Ovarian Cysts in Guinea Pigs
Ovarian cysts are fluid filled structures that develop on or near the ovary. There are many types of ovarian cysts and their prevalence in guinea pigs ranges from 58-100%. The two main types are 1) serous cysts, also known as nonfunctional or rete ovarii cysts, and 2) hormone producing follicular cysts. Rete cysts are non-hormone producing and typically do not cause clinical signs unless they are large and pushing on other organs. Follicular cysts develop from follicles on the ovary that fail to ovulate. When these types of cysts develop, the classic sign is non-itchy flank hair loss. Other signs include decreased appetite, gradual increase in abdominal size, behavioral changes and possibly decreased defecation. Physical exam may reveal a round mass/masses on abdominal palpation as well as changes to the nipples like hyperkeratosis and hyperpigmentation. The other less common types are 3) neoplastic cysts which are ovarian cancer with cystic characteristics and 4) parovarian cysts which are the rarest and derive from the parovarium, a remnant structure of the ovary from development. How and why development of cystic ovaries happens is not fully understood but there are many different theories.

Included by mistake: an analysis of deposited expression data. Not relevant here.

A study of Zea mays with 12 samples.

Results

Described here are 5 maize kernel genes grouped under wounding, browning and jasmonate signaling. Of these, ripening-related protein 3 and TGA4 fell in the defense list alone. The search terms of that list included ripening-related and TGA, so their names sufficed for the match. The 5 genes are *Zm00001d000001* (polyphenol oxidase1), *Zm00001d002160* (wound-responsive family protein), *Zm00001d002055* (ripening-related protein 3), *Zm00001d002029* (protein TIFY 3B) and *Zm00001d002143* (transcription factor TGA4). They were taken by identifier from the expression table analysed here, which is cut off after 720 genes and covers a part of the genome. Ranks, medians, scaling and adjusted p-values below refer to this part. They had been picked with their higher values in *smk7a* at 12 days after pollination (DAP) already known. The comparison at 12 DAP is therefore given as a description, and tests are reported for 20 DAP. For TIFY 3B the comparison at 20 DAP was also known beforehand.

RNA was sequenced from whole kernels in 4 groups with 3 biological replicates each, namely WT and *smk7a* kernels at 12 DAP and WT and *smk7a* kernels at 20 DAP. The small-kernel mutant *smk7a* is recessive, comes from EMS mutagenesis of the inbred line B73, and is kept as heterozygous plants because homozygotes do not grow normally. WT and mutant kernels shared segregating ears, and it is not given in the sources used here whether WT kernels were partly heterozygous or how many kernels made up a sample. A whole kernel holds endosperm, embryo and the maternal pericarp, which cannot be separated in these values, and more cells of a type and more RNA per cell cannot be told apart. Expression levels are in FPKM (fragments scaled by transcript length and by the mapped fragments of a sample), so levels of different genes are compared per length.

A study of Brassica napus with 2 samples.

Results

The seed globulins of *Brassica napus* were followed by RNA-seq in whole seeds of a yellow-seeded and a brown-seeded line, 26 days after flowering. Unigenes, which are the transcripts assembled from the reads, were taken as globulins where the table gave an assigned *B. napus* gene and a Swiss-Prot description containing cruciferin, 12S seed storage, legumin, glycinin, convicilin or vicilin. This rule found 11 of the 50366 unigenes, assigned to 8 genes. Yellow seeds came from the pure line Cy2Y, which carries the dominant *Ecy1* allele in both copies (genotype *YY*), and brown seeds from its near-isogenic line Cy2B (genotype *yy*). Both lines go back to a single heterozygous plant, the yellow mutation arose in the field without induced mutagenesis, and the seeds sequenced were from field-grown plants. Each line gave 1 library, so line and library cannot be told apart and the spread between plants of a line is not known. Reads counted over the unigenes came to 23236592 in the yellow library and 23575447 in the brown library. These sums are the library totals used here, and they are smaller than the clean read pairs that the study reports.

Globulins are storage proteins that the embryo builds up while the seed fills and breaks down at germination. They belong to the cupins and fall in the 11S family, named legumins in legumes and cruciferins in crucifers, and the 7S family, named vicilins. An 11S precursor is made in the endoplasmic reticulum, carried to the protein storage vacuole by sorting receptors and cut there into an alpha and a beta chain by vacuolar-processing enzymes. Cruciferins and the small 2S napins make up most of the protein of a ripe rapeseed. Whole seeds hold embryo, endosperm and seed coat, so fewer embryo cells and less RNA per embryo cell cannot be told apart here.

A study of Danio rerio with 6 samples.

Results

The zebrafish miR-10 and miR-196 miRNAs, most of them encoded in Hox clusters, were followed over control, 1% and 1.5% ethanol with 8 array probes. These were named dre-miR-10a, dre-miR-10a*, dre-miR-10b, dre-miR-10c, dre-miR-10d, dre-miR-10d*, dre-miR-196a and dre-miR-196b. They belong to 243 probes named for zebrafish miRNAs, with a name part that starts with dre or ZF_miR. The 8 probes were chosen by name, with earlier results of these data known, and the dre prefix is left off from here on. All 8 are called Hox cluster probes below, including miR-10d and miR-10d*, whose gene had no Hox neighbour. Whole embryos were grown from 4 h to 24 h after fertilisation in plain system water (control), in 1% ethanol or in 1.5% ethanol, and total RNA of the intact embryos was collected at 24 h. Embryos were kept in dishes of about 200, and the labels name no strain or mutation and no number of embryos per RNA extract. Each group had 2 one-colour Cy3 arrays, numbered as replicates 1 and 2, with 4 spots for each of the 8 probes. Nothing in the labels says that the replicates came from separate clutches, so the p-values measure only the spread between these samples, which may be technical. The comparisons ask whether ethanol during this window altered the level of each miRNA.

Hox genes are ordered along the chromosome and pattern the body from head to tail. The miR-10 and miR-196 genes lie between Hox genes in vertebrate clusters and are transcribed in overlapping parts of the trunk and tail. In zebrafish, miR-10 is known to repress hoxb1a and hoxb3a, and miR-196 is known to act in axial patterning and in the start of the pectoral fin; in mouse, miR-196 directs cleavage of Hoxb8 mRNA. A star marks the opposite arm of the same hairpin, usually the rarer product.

Hair loss or endocrine alopecia typical of guinea pigs with ovarian cysts.
Suspicion of ovarian cysts in guinea pigs is made by presenting history and physical exam findings, and diagnosed with radiography and abdominal ultrasound. Ultrasound usually reveals a thin-walled fluid filled suggestive of ovarian cysts.
Ovariohysterectomy, or spaying, is the recommended treatment, especially in rete cysts because the surgery is curative and rete cysts do not respond to medical/hormone treatment. However, ovariohysterectomies can be challenging due to the anatomy of the guinea pig reproductive tract where the ovaries are located high up close to the kidneys. If surgery is not an option, supportive care can also be performed by drainage of the fluid; however, the cysts are likely to return even within a matter of days. Follicular cysts can be hormone responsive and historical treatment has been with human chorionic gonadotropin (hCG) injections but this is a controlled substance and hard to find for veterinary use. Hormone implants (Deslorelin) and injections (Lupron) have not been shown to work in guinea pigs.
Reproductive tract of a guinea pig being spayed showing the large, fluid filled cysts near the ovaries.
Prognosis depends on the type of cysts, treatment chosen, and overall health of the animal. Although surgery is curative, it does come with risk. Cyst drainage can be a form of relief but it is not a long-term resolution. Hormone therapy has variable efficacy, especially since it may work in only one type of cyst and there is no definitive way to know what type of cyst a guinea pig has without surgically removing it and sending it out to a laboratory for histopathology.